RICHMOND, Va. (8/13/10)--Credit unions historically have offered better rates and terms on financial products than banks, and consumers should include them in their search for the best deals, according to a Richmond, Va., newspaper. The article features CUNA President/CEO Bill Cheney, who explains how the credit union difference translates into savings for consumers. Informa Research Services Inc., a California-based market research company that tracks 3,500 financial institutions nationwide, including 500 credit unions, provided the Richmond Times-Dispatch
(Aug. 8) with a comparison of credit union and bank rates and fees as of July 27: According to the newspaper, the comparison indicates that on average:
* A $2,500 checking account has a 0.34% annual percentage yield (APY) at credit unions, compared with a lower 0.25% at banks: * A $1,000 regular savings account has a 0.31% average APY at credit unions, compared with 0.26% at banks; * A one-year $10,000 certificate of deposit has a higher 0.96% average APY at credit unions, compared with 0.82% at banks; * A five-year new-auto loan has a 4.64% average rate at credit unions, compared with 5.98% at banks; and * Overdraft fees on checking have a $25.29 on average at credit unions, compared with $29.35 at banks.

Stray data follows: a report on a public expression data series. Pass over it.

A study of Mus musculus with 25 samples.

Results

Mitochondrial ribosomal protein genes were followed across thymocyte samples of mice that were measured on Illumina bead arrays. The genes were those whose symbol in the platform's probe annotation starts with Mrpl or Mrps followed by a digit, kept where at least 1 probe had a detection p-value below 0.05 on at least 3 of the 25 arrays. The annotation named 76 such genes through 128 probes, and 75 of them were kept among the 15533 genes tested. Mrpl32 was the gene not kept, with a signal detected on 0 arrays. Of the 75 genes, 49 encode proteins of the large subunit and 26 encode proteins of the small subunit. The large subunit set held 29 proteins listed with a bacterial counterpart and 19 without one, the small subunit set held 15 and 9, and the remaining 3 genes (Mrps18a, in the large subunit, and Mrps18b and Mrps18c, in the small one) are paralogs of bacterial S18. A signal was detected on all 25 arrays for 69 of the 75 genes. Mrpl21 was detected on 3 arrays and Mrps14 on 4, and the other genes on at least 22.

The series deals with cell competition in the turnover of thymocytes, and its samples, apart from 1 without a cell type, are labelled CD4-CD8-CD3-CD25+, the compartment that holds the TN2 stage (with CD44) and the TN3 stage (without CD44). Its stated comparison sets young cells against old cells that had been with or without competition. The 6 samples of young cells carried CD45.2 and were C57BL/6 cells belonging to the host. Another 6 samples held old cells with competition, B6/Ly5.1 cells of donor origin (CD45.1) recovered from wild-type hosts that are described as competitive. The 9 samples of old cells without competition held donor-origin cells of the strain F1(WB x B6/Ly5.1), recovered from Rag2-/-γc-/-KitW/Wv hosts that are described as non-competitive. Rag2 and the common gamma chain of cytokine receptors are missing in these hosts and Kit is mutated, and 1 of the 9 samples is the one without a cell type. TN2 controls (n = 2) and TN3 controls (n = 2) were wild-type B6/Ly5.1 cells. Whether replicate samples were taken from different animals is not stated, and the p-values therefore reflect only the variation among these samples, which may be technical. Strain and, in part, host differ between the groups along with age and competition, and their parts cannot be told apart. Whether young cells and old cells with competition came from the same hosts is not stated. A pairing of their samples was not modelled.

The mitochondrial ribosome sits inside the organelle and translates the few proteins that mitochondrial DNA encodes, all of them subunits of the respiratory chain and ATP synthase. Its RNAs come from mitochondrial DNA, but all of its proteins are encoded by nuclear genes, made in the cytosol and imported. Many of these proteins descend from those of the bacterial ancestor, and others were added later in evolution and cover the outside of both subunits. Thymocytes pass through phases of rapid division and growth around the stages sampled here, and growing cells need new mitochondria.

“Credit unions generally have more competitive rates on loans and more generous rates on deposits,” Greg McBride, senior financial analyst at Bankrate.com., told the paper “Since we don't have shareholders, we don’t have to pay dividends,” Bill Cheney, president/CEO of Credit Union National Association, told the paper. That translates to savings for members, the paper added. “There’s not a one-size-fits-all answer for everyone,” McBride concluded. “However, credit unions do warrant being included in your search, whether you're looking to move your entire banking relationship or just looking for the most competitive loan rate.”